Recently, on a radio interview with Paul Pereira, I was asked “What did you find most similar, and most different, between South Africa and Zambia?” I offered a short answer, knowing that I would need to elaborate, a bit later. So here we go…
As South Africa continues its journey of transformation-through-westernisation, I am noticing how the grassroots values that have sustained the Great African Continent since the arrival of humankind, are fading frighteningly quickly into obscurity. It is becoming more and more acceptable to eat a meal, alone, behind closed doors and in front of the television. Of course, this happens mostly when we’re not eating whilst driving or sitting at our desks in front of our PC’s. And then, every now and again, we ‘treat’ ourselves to a night out at a restaurant, where we actually sit amongst other human beings, outside of our self-constructed hideaways, having a decent conversation, with smiles and laughter. But a shared meal and loving conversation, with smiles and laughter, is not supposed to be a ‘treat’, it is supposed to be the status quo.
Readymade meals-for-one are filling up the shelves of supermarkets.
Visitors to one’s home are only welcome if they phone ahead of time to announce their planned visit, otherwise they are received as a burden.
This is a big difference, between South Africa and Zambia.
This is a big difference between South Africa, now and a generation ago.
This is a big difference between REAL Africa and something else that is sweeping into our land.
Children are being born across South Africa, in their homelands, raised with the values and morals of a REAL African;
Wisdom shared by the community elders,
the Protectors of Africa’s Cultural Heritage,
But there is another message that is growing steadily overpowering.
This message comes through the airwaves, the print media, the political propaganda, the schooling system.
This message screams, “run to the city, or suffer!”…
So it’s what our youth are doing… except, they are running to the city AND suffering.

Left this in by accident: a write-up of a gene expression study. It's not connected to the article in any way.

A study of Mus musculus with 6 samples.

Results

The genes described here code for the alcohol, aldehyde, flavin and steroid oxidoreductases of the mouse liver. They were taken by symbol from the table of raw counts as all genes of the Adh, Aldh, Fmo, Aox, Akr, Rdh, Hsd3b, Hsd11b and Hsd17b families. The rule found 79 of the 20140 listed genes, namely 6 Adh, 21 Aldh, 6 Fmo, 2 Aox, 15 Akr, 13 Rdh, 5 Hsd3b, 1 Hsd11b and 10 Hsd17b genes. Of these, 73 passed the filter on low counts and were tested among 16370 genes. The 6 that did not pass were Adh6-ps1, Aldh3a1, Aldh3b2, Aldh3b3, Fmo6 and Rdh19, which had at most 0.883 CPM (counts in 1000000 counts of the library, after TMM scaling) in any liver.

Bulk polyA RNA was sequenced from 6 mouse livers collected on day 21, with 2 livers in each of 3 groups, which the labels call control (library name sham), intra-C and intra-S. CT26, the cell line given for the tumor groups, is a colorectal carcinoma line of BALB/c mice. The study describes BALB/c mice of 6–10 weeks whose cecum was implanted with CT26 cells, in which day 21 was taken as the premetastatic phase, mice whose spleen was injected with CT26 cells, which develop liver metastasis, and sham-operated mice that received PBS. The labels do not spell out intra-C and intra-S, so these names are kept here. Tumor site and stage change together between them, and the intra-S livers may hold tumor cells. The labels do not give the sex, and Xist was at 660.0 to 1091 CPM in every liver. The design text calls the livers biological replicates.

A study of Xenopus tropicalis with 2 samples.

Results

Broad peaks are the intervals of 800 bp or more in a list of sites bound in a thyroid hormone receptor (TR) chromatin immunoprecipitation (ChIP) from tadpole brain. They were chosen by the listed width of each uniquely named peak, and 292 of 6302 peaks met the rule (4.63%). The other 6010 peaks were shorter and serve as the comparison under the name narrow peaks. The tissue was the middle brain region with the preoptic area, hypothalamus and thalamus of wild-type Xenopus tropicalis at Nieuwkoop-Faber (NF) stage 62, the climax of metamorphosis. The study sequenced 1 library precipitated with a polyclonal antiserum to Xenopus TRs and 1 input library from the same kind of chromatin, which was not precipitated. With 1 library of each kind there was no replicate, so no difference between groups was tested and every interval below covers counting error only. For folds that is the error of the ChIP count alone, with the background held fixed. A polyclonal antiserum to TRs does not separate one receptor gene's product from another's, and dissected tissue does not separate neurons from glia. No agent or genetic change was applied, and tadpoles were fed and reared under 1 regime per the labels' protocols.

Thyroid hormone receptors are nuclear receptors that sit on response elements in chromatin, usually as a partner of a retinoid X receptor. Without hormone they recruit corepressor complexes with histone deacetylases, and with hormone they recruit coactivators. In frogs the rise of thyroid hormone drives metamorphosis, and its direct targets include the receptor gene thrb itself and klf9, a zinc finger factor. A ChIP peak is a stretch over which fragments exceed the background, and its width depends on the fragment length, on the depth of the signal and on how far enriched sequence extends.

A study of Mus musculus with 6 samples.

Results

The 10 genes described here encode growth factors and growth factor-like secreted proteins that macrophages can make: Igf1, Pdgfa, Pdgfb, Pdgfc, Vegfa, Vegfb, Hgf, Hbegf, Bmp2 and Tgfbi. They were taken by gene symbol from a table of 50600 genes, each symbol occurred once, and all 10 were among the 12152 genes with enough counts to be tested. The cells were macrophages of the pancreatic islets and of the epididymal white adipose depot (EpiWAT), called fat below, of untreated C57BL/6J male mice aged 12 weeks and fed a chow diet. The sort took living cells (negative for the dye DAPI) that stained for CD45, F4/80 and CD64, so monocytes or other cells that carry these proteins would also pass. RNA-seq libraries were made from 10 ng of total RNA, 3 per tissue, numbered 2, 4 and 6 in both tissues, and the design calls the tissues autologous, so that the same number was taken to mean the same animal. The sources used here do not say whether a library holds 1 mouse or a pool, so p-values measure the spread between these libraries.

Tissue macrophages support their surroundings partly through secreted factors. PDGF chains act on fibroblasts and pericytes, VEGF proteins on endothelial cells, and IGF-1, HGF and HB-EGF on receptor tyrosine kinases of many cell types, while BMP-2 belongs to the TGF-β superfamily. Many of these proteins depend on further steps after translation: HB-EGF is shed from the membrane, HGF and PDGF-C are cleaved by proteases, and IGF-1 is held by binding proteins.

Limpopo Province is regarded as the “Eden of Africa”, so abundant with life is it, that the best fruit and vegetables we eat in Johannesburg are transported to the city from the Limpopo. During my 5 years in the ‘squatter camp’ of Zandspruit, the majority of the young adults I have met, all came from the Limpopo Province.
They’re all intelligent, healthy, capable young people, with a beautifully gentle and respectful nature.
They all flooded into Johannesburg, straight after school, to “look for work”, “to make money”.
They live, crammed into shacks, with limited access to running water, sanitation and electricity.
And they struggle to find a job as gardeners, domestic workers, drivers, cashiers, till packers, aisle assistants, cleaners…
When they do get some work, they earn enough money, only to use it to buy the very same fruits and vegetables they left behind in their homeland.
The very same food that grows freely and abundantly in the place they born.
The reliance of the people on Mother Earth and Fellow Being is slowly being replaced by an unquestioned, unreasoned lust for money.
The spirit of Ubuntu is being replaced by that of Muzungu. Click here for a definition of these terms.
There is no shortage of food in Africa, it’s just that we’re misleading our children, according to foreign models of citizen governance that are not applicable to our African context. The westernised world has developed its systems, based on the fact that they have already destroyed most of their land, through industrialisation. In Africa, we have not yet reached this state, there is still plenty of healthy land available.
We do not need to indoctrinate our children with ideas that they need jobs for money, for food, for survival. This is simply not true. We only need to empower our children with knowledge and skills needed, to maximise the productivity of their land in a manner that positively impacts the two generations that will follow behind them.
It’s really very simple.
I’ll say it again, there is no shortage of food in Africa,
and we do not need the world to feed us, when we are the world’s breadbasket.